A training and race recap

Saturday was the local major road running event in our county, the Hancock Canal Run. It also marked Clara’s eighth month in the world.

Oops. Baby medal spoiler alert.
Oops. Baby medal spoiler alert.

I ran this race (10 miles) for the first time when I moved here in 2005. Since then, I’ve run that distance again since then and the recent addition of the half marathon twice: once about a year after Aaron was born (my current half PR) and this time as part of my 16-mile long run for Week 7 of Twin Cities Marathon training.

It was a great weekend of running – the kids even got to run in a kids dash that ran the last 0.25 miles of the course – but I don’t really want to talk a ton about the race in particular. But Heart Monitor Training? I feel like I could talk about that for days.

Again, I’m not an expert (nor do I play one on TV) but here’s my current status after following this methodology for about three weeks. I’m starting Week 8 of a marathon training plan feeling GOOD. This is typically when I start to get really tired, beat up and despondent about training. Here’s what’s different:

  • My shorter “easy” runs are a lot slower than they used to be, which took a little getting used to. And when I say slower, I mean where in the past I’d consider a 3 mile run of 30 minutes “easy” – even though it actually wasn’t but I didn’t know it – now it takes me 33-34 minutes. Big deal. It’s more alone time. I’m trying to run these strictly as recovery efforts.
  • Tempo runs and “race pace” efforts are still fairly new to me, so at first while I might get a bit nervous when I see them on the schedule, I am finding that if I follow the directions and warm up truly easy, I am able to bring it for the fast(er) parts. I’ve hit all my tempos and race pace runs.
  • Long runs used to beat me up really badly. My old strategy was go out at a particular pace that was faster than what I knew I could maintain, thinking I’d “make up time” since I would inevitably fall apart later. And I would. I never ran negative splits on long runs. There was no “strong finish” left in me. Ever. I’ve made it through every long run on this plan feeling like I could’ve kept going. Not that I wanted to, but if I had to? Yes. And I’ve been able to go on with the rest of my day without being completely wrecked.

So this weekend:  I had 16 on the calendar, so I ran 2.9 miles to the start of our local half marathon and ran that as a “supported training run,” sticking to my strategy of low HR max % (I aim for 70-75% on LRs but don’t beat myself up if I get to 80%; I just know I need to try to dial it back).

Looking forward to the race, just not in this humidity
Bibbed up and clearly looking forward to running in the humidity
Fellow running TVR bud, Running Chunk
Caught up with fellow running TVR bud Josh at the start of the race

It ended up being great practice for race day, because I have gone out too fast at Twin Cities Every. Stinking. Year. Saturday I started at the back and watched everyone go flying down the hill (it’s a downhill start) and made myself not chase them. Wasn’t easy, but I kept telling myself to keep my eye on the prize, which was NOT a PR at this race (I wouldn’t have come close to my PR for this race anyway).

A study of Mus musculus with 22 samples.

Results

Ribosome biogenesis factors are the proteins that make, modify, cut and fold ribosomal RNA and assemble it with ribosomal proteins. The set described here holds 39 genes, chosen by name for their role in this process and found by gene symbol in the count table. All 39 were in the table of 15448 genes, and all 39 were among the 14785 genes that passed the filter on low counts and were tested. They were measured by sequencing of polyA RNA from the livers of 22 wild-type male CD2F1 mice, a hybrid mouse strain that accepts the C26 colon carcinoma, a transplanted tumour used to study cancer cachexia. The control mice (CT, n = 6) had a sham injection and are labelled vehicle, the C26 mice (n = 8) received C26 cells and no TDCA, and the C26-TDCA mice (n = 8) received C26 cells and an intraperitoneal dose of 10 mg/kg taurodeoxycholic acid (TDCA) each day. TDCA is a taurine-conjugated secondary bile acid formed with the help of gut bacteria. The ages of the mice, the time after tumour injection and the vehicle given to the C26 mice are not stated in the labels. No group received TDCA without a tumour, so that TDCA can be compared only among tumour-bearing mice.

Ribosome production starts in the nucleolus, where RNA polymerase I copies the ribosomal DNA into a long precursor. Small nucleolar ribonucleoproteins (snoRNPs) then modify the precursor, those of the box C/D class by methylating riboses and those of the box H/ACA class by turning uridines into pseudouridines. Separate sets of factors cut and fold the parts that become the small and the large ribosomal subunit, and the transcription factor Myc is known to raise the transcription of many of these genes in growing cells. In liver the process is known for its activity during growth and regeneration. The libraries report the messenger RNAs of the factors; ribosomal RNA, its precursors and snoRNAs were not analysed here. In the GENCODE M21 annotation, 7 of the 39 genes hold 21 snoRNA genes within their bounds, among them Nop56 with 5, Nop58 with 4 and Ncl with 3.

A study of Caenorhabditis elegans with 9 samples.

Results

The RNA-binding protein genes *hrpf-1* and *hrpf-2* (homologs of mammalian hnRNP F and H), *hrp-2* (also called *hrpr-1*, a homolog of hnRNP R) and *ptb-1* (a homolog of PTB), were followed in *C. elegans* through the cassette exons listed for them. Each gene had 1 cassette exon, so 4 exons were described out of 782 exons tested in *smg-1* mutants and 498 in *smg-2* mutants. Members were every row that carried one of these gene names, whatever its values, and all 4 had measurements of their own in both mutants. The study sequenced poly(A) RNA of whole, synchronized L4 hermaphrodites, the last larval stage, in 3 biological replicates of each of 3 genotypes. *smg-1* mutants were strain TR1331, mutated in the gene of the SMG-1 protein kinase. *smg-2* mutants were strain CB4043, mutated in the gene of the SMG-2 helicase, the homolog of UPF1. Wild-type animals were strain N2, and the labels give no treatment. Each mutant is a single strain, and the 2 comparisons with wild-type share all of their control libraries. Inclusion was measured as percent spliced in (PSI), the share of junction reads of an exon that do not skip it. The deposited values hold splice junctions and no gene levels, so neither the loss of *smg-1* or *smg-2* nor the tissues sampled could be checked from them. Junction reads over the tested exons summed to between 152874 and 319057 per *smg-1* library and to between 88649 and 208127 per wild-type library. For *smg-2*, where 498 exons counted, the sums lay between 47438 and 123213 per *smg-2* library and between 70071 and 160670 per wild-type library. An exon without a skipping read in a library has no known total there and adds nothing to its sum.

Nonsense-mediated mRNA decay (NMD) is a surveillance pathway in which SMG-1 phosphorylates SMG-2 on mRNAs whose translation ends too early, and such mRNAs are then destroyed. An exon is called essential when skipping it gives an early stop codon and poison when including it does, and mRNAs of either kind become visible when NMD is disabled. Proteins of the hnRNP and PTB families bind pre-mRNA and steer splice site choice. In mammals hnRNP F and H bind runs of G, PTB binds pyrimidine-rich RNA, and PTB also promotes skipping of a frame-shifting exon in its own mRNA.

Being in the back can be disheartening.
Being in the back can be disheartening. I ended up passing green shirt guy and both pink shirt girls.

I also knew that I’d be passing a lot of these people later, and I did; I passed at least 12 half-marathoners before the race was over.

I ran the first nine miles pretty conservatively. I took in water every mile and a block every other mile, which seems to be working for me. I maintained a reasonable average pace. I saved a GU for the final three miles so that I had a little something for the end and if it didn’t agree, I could probably make it to the finish without having to run to a bathroom.

Friend at the last water stop snapped this of me trying to take one final swig of water before the finish
Friend at the last water stop snapped this of me trying to take one final swig of water before the finish

I went into the race giving myself permission to pick up the pace if I felt good for the last four miles. There were a few tough spots of running around walkers (there are a bunch of different races going on at the same time) and up a few little hills toward the finish line, and at the end I definitely worked harder than I planned, but if it would have been race day, I’d have done the same thing. (In fact, if I can do this in October in St. Paul, I’ll be tickled.) I ended up negative splitting my run and having a very strong finish. It was a pretty darn great day.


Yep, there was a kid’s race, which was Sophie’s second and Aaron’s first (and Clara’s, too).

Finishers!
With Josh and Nancy at the finish

I hadn’t set out to run a particular time and ended up with a 2:23:45 for the half marathon portion. Total time was just shy of 2:55 for the entire run. I was happy with that.

It was humid and the miles didn’t always fly by, but since I knew exactly how hard I was working, there was no doubt in my mind that I was going to finish that run. NO. DOUBT. And I think that’s the best part of this whole crazy heart rate training thing: I know EXACTLY how hard I’m working, and that’s something I can’t really gauge by pace all the time. In fact, I can pretty much guarantee that the old me would have gone down that first hill way too fast. And that always catches up with you; you never recover.

So here I am: still running, no injuries, and feeling quite positive about training. This week is a slightly shorter week, and I’m almost disappointed that I only have to run 10 miles on Saturday. So I have clearly lost my mind. And I have never been happier.